There have been various national and international incidents over the holidays of varying gravity – the Air Asia plane crash, the Greek ferry fire and subsequent tugboat deaths, the first case of Ebola to be diagnosed in the UK, and transport issues at London rail stations – that remind us of many important things. Things like the fragility of health and life, the importance of family, the benefit of appreciating the present moment, and the gratitude for our daily lives.
These situations also illustrate some lessons for leadership. I don’t know these individuals myself, but by looking at some media coverage we can contrast the handling of two of those incidents by their CEOs – CEO Tony Fernandes of Air Asia with regards to the plane crash and CEO of UK Network Rail Mark Carne at the train disruption caused by overrunning maintenance work at London King’s Cross station.
Show Up and Be with the People – at the first sign of an issue with Air Asia, Tony Fernandes was on a plane to Indonesia and he has been with the various groups of people every day since (the families of the passengers privately, his employees, government and safety officers). Even the Indonesian president has met the families at the crisis centre privately and addressed the nation publicly. In contrast, Mark Carne showed up in London many days later; at the crucial time of the intense disruption there was no spokesperson to help.
Apologize if your product or service has not delivered – Tony Fernandes apologized when the plane disappeared and then more so when the debris was found. It felt heartfelt and genuine. Mark Carne spent more time saying as CEO he was responsible and defending the difficulty of the new position he first took on over 10 months ago than saying sorry for the inconvenience to travellers. Perhaps if he had shown up on the day the crisis began his words may not have been so scrutinized in the media.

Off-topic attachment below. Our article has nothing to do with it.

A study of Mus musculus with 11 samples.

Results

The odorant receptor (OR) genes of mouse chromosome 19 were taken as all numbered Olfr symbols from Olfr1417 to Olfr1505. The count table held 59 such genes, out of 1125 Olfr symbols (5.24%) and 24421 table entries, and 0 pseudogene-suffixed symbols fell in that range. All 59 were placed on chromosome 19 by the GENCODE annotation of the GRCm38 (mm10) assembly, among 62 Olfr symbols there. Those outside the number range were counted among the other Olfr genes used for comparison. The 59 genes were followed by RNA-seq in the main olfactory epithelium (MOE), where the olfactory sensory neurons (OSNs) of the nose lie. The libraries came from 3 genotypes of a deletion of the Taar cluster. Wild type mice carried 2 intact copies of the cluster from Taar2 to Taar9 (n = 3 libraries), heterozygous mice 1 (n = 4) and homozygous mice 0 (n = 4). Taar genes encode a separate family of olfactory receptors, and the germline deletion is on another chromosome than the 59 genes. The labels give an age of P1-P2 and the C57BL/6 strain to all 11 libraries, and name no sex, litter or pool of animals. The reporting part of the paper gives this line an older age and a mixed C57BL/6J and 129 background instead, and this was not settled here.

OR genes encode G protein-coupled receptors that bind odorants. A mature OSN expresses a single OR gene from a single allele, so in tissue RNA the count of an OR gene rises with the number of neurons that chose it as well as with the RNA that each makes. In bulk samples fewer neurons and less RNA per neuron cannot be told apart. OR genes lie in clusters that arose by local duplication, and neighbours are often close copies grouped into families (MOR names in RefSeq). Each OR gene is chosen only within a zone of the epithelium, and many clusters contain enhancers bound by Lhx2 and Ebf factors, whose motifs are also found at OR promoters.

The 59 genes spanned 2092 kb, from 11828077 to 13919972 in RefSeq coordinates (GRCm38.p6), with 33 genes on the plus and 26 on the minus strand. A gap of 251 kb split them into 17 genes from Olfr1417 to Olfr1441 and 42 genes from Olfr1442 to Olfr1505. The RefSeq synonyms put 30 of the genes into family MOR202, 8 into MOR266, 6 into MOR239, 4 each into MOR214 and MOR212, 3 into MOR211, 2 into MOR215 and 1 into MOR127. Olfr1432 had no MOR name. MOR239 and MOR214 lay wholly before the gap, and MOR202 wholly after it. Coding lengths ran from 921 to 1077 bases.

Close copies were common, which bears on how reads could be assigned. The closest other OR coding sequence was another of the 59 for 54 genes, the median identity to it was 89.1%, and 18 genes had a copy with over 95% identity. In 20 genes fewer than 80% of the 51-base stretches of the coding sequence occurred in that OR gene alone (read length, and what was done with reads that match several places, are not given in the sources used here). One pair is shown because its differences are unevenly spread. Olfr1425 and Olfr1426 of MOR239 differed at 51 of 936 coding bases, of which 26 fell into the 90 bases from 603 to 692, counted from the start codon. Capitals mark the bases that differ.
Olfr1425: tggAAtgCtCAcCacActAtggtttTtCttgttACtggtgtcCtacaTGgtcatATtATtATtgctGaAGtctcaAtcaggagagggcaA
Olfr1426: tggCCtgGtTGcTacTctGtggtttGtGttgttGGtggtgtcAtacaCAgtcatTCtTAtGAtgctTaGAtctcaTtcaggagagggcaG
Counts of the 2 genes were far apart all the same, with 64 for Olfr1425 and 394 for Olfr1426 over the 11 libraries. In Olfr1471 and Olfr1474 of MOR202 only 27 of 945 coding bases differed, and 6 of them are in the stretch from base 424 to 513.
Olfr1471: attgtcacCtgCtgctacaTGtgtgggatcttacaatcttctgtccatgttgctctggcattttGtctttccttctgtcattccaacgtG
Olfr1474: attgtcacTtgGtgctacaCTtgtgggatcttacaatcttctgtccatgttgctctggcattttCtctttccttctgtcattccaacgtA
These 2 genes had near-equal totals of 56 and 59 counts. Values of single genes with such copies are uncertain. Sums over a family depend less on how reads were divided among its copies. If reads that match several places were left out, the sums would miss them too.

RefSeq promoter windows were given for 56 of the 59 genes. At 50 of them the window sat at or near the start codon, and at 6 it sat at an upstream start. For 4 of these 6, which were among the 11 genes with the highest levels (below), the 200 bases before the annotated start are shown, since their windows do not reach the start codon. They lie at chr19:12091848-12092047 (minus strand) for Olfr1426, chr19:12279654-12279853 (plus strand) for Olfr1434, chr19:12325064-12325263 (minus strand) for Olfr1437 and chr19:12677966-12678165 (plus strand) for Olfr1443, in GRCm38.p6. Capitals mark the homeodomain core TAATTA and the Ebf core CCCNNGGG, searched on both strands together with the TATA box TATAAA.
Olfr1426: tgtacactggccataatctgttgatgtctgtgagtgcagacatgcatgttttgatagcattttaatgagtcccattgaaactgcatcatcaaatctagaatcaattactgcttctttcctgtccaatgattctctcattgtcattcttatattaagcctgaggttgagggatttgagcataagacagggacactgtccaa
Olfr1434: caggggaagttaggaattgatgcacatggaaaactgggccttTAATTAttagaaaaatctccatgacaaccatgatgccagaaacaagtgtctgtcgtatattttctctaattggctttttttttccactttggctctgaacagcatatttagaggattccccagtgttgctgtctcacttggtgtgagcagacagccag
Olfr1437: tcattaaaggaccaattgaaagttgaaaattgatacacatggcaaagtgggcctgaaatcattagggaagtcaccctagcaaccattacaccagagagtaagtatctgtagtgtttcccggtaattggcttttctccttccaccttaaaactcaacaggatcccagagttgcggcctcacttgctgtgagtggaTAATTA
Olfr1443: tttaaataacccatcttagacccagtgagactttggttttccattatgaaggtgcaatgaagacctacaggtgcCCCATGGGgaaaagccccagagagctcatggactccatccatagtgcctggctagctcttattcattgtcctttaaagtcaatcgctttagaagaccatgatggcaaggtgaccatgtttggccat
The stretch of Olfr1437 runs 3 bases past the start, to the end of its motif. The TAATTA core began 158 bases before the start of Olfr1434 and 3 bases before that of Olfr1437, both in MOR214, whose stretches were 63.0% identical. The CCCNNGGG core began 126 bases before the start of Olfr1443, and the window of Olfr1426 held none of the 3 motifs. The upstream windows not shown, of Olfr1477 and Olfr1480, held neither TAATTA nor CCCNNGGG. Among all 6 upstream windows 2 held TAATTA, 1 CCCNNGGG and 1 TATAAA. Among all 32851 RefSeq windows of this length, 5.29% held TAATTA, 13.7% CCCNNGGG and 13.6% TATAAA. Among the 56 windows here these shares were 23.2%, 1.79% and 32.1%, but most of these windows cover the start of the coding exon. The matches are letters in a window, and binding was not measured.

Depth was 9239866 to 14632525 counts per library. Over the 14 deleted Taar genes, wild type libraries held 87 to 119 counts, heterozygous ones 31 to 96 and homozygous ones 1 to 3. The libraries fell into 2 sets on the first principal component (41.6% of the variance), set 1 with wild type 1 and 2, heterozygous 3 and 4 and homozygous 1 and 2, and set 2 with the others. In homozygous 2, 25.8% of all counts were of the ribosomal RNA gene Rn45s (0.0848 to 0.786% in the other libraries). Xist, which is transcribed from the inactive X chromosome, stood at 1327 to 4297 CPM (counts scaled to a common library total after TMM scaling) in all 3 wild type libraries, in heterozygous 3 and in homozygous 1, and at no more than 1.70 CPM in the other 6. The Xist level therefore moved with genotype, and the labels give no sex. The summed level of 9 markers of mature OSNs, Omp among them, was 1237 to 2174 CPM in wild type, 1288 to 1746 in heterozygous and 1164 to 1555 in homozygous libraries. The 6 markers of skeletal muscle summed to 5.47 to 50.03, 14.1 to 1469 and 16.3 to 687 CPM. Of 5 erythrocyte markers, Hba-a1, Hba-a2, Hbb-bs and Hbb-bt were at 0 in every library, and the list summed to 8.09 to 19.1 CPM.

Communicate, Communicate, Communicate – Tony Fernandes has been seen and heard on TV, radio, Twitter, Facebook and in person. He’s been sharing what information he was able to share, and when there was nothing he was emotive and showed that he cared. Some people affected by the missing Malaysian airliner said that the difference in communication they have seen between their situation and the Air Asia one has been dramatically better. The complaints during the network rail situation were about lack of information, either to people on site or to those that were joining the queues through the day.
Proactively Give People Assistance – Air Asia flew some family members from Singapore to Indonesia at the moment they wanted to travel, arranging accommodations and such. It took Network Rail hours to pay for taxis to transport elderly and sick people standing outside in the cold in the queues at Finsbury Park.
It’s so sad that this holiday saw so many incidences of loss and suffering, my heart goes out to all those affected and I count my blessings.
What lessons will you take from the holidays?
Anne Taylor at Directions Coaching is a successful life coach, who offers executive coaching and individual personal coaching in London. For more information on her services please call on 02031516830.